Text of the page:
At lunch before Mass I decided to go on an impromptu "office tour" to see where the big guys live. First up was a senior vice president Tim F., who is a giddy five levels above me in rank and three floors above me geographically. I was surprised to find a large section of the floor sectioned off with glazed opaque windows and special card key entry. But I eventually came to Tim's rather pedestrian office. Not too much bigger or better furnished than the big cheese's on my floor. Of course I couldn't penetrate the office since it doglegs to the left and thus achieves perfect secrecy. It even features a secretary guarding the entrance to this "bat cave".
Next up was Tim's boss, one Mark T, who lives on the 37th floor, some 24 floors above Tim. Quite a lot of distance between boss and report, ha. I self-consciously headed for that odd bank of elevators on the other side, the ones labeled Floors 20-38. I entered with a well-dressed man and pushed the 37th floor but to no avail: it wouldn't light. So I pushed 36, hoping to walk a flight. The 36th floor had folks like one Terri Hill, the president of something. This indeed was rarefied air, with plush home-like surroundings full of comfortable furniture, artwork, wood paneling and wood filing cabinets instead of plain walls, whiteboards and grey metal. The rooms (aka offices) reminded me of the congressional offices in D.C.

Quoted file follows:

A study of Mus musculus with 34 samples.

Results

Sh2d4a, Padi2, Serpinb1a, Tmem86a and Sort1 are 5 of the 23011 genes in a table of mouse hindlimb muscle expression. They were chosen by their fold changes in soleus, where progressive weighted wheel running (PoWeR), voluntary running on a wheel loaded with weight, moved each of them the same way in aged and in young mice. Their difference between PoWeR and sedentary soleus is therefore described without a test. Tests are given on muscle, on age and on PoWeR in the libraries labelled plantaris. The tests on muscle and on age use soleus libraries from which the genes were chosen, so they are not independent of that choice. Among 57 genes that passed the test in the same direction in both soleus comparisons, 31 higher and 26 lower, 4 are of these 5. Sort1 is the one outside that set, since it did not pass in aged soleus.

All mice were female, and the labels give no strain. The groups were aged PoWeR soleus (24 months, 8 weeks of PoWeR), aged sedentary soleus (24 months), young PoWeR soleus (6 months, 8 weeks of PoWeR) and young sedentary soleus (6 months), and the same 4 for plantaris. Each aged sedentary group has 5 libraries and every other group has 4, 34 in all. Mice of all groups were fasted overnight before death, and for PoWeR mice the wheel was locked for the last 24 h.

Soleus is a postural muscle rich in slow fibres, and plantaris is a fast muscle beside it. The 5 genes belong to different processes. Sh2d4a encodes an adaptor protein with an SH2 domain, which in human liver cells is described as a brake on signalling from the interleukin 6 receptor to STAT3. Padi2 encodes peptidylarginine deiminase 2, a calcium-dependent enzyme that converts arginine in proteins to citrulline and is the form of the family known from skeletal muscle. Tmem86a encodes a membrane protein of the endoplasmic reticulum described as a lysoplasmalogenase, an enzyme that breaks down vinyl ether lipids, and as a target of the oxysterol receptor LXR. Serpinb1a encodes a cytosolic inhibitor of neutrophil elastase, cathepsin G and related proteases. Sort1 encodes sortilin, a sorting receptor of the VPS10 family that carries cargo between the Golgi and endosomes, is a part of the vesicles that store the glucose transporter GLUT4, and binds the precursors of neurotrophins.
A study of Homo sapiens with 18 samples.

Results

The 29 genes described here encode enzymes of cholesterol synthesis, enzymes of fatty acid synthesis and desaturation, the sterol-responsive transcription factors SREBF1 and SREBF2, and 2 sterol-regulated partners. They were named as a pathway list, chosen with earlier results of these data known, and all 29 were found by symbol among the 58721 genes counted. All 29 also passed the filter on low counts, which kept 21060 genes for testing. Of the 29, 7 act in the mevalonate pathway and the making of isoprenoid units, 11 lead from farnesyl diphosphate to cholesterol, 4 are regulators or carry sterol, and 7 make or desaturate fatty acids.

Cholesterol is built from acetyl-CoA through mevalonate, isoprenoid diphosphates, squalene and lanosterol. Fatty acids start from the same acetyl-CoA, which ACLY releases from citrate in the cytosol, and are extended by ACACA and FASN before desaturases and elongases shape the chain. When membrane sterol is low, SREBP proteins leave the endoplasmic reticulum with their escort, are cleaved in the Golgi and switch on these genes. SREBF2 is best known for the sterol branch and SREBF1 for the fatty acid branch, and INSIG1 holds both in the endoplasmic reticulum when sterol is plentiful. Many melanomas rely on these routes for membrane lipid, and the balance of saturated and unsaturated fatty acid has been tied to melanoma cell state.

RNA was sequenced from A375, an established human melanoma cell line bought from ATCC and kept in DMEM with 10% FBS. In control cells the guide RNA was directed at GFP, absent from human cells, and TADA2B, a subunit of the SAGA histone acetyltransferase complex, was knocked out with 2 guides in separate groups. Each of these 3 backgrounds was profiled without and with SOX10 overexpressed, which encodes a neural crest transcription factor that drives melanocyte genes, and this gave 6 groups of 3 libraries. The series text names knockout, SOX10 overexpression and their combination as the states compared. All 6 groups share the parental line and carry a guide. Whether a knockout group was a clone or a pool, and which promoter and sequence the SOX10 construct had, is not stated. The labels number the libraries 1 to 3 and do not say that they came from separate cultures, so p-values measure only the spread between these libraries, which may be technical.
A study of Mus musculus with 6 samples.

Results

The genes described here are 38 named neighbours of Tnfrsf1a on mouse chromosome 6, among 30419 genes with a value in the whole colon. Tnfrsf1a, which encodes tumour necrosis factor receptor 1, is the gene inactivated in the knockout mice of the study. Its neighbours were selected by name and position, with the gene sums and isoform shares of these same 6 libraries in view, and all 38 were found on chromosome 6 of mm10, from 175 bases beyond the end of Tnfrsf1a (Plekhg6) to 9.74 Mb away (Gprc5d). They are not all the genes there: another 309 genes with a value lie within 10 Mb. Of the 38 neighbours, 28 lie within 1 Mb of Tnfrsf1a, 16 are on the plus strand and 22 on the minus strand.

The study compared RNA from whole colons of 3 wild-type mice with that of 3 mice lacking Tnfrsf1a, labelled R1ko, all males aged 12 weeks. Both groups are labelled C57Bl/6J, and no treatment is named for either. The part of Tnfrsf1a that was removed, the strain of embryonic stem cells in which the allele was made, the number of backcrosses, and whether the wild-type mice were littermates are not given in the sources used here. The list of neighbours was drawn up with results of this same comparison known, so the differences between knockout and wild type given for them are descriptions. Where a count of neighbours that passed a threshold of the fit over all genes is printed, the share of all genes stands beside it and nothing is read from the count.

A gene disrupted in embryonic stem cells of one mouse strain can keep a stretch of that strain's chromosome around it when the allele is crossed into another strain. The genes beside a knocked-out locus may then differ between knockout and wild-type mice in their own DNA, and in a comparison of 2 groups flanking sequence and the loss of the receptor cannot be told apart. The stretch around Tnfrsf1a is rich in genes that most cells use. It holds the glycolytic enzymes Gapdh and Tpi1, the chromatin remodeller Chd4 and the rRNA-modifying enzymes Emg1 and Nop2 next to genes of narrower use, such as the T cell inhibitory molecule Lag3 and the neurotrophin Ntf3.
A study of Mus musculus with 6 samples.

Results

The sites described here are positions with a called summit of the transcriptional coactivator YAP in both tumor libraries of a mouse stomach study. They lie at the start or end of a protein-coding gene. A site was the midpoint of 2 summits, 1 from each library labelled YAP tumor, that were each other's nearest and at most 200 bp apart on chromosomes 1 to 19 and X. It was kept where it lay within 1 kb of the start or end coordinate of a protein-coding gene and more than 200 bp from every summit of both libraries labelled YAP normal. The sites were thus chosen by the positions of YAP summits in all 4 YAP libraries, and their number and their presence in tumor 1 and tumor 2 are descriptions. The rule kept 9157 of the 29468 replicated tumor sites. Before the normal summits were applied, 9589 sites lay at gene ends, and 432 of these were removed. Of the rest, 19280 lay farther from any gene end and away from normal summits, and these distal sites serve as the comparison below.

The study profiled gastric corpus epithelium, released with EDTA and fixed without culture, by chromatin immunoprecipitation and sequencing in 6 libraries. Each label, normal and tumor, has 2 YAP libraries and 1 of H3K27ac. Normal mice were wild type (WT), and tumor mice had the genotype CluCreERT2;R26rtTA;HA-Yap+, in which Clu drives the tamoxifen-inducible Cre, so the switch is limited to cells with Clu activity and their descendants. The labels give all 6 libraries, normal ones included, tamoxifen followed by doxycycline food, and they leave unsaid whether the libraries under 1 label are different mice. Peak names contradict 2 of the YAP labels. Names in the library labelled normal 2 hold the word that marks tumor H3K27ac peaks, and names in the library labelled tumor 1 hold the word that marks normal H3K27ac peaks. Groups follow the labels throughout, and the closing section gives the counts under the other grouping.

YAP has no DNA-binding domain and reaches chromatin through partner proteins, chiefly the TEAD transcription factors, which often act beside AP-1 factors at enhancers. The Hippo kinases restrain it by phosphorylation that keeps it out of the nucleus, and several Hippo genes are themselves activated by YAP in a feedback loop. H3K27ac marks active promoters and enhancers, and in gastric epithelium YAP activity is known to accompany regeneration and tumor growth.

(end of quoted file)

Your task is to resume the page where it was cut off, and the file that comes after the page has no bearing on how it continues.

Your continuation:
Then to the 37th floor! I hiked up and found..it locked down. I tried my keycard to no avail, our leaders inaccessible as US presidents, their workplace as locked down as the White House.
Power to the people! Let's storm that Bastille!
Had 9am meeting, meetings being not my favorite way to start, end, or middle a day. Craig and the big guns sitting around a conference table talking about the potential of a "universal datasource". (Only twelve years too late, in my opinion.) The upshot is there is little potential for it happening. "It can be done," sayeth Dan, "but not without a lot of work." Thus we see nature at work: boss asking worker to take on a great amount of additional work, worker pushing back saying, "tell me you mean it by clearing my other work." In other words, boss asking, "can I get free stuff?" and employee says, "no, you have to pay for it." Of course the adversarial relationship is necessary. Bosses have to push against employee complacency and employees have to push back when too much is asked. A see-saw where balance is sought.